Preservation of Art and Culture in Times of War: Public Keynote Panel New Frontiers in the Protection of Cultural Heritage
- Tuesday 04 April 2017
- 5:00PM - 6:30PM
- Penn Museum
Dr. Richard Leventhal, Director of the Penn Museum’s Penn Center for Cultural Heritage, moderates a wide-ranging discussion with panelists: Karima Bennoune, Professor of International Law, University of California-Davis School of Law and United Nations Special Rapporteur in the field of cultural rights; Derek Gillman, Distinguished Teaching Professor, Westphal College of Media Arts & Design, Drexel University, and Former Executive Director and President, Barnes Foundation; Sir Richard Goldstone, former judge, Appellate Division, Supreme Court of South Africa; Irina Bokova, Director-General, UNESCO; and Shamila Batohi, Senior Legal Advisor to the Prosecutor at the International Criminal Court.
Recent legal conventions have given the effort to preserve cultural property new tools and new vigor. At the same time, attacks on cultural property—led by non-state actors and motivated by religious intolerance, national chauvinism, or greed—have become fiercer, with some insurgent groups attempting to obliterate places of national importance in an effort to re-write cultural history. Taking into account the perspectives of art, archaeology, history, law, and the military, how must preservation efforts change in response to armed conflict in the 21st century?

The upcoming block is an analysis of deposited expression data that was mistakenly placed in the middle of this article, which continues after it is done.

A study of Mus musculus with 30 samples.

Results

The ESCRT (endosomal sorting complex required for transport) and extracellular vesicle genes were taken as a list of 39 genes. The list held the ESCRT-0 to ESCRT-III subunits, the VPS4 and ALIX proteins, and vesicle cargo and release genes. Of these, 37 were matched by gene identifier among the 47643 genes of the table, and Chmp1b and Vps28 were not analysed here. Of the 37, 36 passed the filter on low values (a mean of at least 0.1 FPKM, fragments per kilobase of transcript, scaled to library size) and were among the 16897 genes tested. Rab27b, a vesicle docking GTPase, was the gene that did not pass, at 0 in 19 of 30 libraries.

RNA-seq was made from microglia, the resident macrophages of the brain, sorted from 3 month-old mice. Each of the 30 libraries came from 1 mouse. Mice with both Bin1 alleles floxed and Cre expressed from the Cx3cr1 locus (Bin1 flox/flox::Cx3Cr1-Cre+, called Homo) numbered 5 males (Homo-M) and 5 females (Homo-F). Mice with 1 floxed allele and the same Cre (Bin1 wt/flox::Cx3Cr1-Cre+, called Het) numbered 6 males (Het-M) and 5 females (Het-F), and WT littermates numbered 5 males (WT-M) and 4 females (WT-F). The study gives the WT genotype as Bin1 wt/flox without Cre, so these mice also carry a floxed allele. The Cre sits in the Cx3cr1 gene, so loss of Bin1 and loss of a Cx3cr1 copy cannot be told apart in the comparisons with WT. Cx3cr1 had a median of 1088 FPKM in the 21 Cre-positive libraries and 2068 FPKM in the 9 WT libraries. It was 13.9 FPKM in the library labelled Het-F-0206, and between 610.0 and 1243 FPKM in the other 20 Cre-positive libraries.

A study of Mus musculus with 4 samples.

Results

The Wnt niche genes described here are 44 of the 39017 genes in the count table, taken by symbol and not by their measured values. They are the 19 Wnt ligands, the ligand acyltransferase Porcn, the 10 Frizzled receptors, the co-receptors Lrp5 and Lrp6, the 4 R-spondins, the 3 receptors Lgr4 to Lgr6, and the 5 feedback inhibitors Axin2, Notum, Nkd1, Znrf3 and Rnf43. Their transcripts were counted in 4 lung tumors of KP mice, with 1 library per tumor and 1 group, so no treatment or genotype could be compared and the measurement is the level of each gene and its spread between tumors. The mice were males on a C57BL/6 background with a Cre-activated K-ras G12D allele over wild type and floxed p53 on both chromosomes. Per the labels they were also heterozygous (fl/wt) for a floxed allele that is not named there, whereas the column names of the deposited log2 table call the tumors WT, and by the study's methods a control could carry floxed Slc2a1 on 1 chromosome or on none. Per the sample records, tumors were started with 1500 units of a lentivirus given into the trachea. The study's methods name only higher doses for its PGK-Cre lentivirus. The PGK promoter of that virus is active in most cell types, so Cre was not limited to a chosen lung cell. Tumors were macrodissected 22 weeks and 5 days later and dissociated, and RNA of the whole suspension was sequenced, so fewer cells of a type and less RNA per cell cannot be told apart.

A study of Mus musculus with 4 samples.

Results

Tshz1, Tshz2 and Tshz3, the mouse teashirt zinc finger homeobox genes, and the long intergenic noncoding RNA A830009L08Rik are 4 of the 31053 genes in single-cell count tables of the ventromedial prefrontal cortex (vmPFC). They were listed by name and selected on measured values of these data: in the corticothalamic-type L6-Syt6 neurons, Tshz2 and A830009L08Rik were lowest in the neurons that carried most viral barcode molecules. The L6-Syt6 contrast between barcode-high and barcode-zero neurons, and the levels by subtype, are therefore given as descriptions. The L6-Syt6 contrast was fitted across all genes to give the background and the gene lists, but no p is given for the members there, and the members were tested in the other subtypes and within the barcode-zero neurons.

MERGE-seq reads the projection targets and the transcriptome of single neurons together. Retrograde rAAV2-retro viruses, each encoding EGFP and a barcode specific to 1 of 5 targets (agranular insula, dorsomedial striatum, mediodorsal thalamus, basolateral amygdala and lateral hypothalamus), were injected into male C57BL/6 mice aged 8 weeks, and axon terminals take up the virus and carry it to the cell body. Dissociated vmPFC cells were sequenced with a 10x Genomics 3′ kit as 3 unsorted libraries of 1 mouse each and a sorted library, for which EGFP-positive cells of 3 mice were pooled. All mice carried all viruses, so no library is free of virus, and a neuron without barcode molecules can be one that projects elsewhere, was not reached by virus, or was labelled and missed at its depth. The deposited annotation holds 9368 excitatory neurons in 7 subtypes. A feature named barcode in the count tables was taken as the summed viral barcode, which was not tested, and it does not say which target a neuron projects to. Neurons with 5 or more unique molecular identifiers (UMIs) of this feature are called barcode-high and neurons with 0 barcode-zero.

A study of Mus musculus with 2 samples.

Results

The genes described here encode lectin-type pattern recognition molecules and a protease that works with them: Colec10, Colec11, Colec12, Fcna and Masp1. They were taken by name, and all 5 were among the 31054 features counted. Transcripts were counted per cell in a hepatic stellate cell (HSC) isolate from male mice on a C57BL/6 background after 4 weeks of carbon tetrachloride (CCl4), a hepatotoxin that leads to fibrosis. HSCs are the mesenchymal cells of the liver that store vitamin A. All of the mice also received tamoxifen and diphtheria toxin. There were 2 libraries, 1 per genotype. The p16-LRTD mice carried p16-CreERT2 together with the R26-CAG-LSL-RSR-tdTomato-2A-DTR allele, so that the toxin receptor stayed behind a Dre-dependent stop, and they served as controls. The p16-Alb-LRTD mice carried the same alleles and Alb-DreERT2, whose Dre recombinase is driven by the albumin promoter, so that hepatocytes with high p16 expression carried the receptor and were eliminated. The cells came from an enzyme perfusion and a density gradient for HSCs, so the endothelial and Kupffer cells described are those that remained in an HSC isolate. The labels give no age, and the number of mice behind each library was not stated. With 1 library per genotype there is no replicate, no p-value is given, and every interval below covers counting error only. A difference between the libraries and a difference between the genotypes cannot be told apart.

A cocktail reception and opportunity to preview the new exhibition Cultures in the Crossfire: Stories from Syria and Iraq follows the panel discussion (limited timed tickets available with advance reservations exhibition viewing begins at 3:30pm and continues after the program). Presented by the Center for Ethics and the Rule of Law at the University of Pennsylvania Law School and the Museum’s Penn Cultural Heritage Center.
This program has been approved for 1.5 CLE ethics credits for Pennsylvania lawyers. CLE credit may be available in other jurisdictions as well. Attendees seeking CLE credit should bring separate payment in the amount of $60.00 ($30.00 public interest/non-profit attorneys) cash or check made payable to The Trustees of the University of Pennsylvania.
$20 general admission includes a cocktail reception and opportunity to preview the new exhibition; free for PennCard holders. Advance reservations required.
Ancient Palmyra, Syria. Photo: Shutterstock image.